Delivery at the Expense of Experience

Posted by Ben Cheston

via TechCrunch

From Ocado to Deliveroo, Task Rabbit to On Fleet, technology is making it easier and quicker for us to get the things that we want, when we want and how we want. Earlier this year Martin Mignot produced an excellent article on food and grocery delivery called ‘The Billion Dollar Food Delivery Wars’. The diagram that supports the managed market place featuring ‘three main sequential steps… for ordering a meal online’, is particularly helpful for compartmentalising the ‘order, cook, deliver’ ecosystem:

However, there’s an issue surfacing from the trend of home delivery and on-demand delivery — a detached and increasingly poor customer service experience.

Whether it’s the fragmented nature of the on-demand delivery ecosystem, the commoditisation of order and delivery services, or a lack of accountability through the supply chain, it feels like the post purchase customer experience has become the last thing on a company’s agenda.

To illustrate my point, we order ‘groceries’ every week from Ocado and Tesco. With a different delivery person turning up each time, zero rapport is built up on either side and the experience is pretty cold.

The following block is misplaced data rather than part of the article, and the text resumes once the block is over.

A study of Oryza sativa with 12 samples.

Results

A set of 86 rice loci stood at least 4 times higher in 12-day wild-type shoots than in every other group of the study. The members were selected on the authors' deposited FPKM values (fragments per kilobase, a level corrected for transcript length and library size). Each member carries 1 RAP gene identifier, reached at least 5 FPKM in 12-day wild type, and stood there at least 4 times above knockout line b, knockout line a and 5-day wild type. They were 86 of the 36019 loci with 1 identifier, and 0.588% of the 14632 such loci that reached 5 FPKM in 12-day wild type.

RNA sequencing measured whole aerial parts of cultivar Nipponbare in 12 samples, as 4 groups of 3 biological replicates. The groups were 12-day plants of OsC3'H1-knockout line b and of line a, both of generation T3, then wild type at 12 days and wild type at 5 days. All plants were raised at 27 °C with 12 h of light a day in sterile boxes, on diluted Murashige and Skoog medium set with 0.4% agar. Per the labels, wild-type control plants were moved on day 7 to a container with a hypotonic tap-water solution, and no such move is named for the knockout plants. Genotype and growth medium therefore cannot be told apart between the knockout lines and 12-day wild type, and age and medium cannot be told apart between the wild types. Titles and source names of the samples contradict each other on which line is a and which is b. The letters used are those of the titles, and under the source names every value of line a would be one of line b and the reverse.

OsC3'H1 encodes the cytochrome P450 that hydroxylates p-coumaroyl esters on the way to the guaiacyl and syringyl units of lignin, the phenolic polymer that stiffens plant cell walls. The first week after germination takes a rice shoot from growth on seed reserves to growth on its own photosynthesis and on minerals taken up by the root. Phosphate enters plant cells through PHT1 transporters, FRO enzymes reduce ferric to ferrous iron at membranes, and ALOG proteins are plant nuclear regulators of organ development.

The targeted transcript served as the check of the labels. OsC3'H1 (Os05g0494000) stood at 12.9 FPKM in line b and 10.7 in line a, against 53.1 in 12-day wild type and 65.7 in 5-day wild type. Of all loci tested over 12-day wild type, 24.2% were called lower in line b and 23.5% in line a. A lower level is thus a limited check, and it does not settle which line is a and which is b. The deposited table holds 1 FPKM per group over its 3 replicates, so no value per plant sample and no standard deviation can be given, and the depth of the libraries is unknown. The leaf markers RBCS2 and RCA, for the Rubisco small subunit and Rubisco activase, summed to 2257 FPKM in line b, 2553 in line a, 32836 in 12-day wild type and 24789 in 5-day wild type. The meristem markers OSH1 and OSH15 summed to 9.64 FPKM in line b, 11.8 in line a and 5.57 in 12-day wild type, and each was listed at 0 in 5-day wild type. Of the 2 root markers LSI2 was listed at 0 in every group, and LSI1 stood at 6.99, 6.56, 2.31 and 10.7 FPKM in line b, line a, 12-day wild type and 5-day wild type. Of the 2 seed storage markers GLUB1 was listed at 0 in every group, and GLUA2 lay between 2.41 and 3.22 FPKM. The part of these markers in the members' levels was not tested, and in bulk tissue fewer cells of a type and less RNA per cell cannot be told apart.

If I’ve ordered a service or product from a brand, the entire experience belongs to the brand, even though I know that other companies contribute to the service execution. If the company providing the ‘delivery’ phase of my on-demand delivery provides a bad experience, I automatically look to where the experience started.

Companies must be looking at this as an opportunity to differentiate their brand/product/service. We can focus on using technology to create a more relevant and personal customer service throughout the supply chain and not just around the order/sales. On demand and home delivery is now a utility, this warrants investing in the creation of a flawless customer service experience.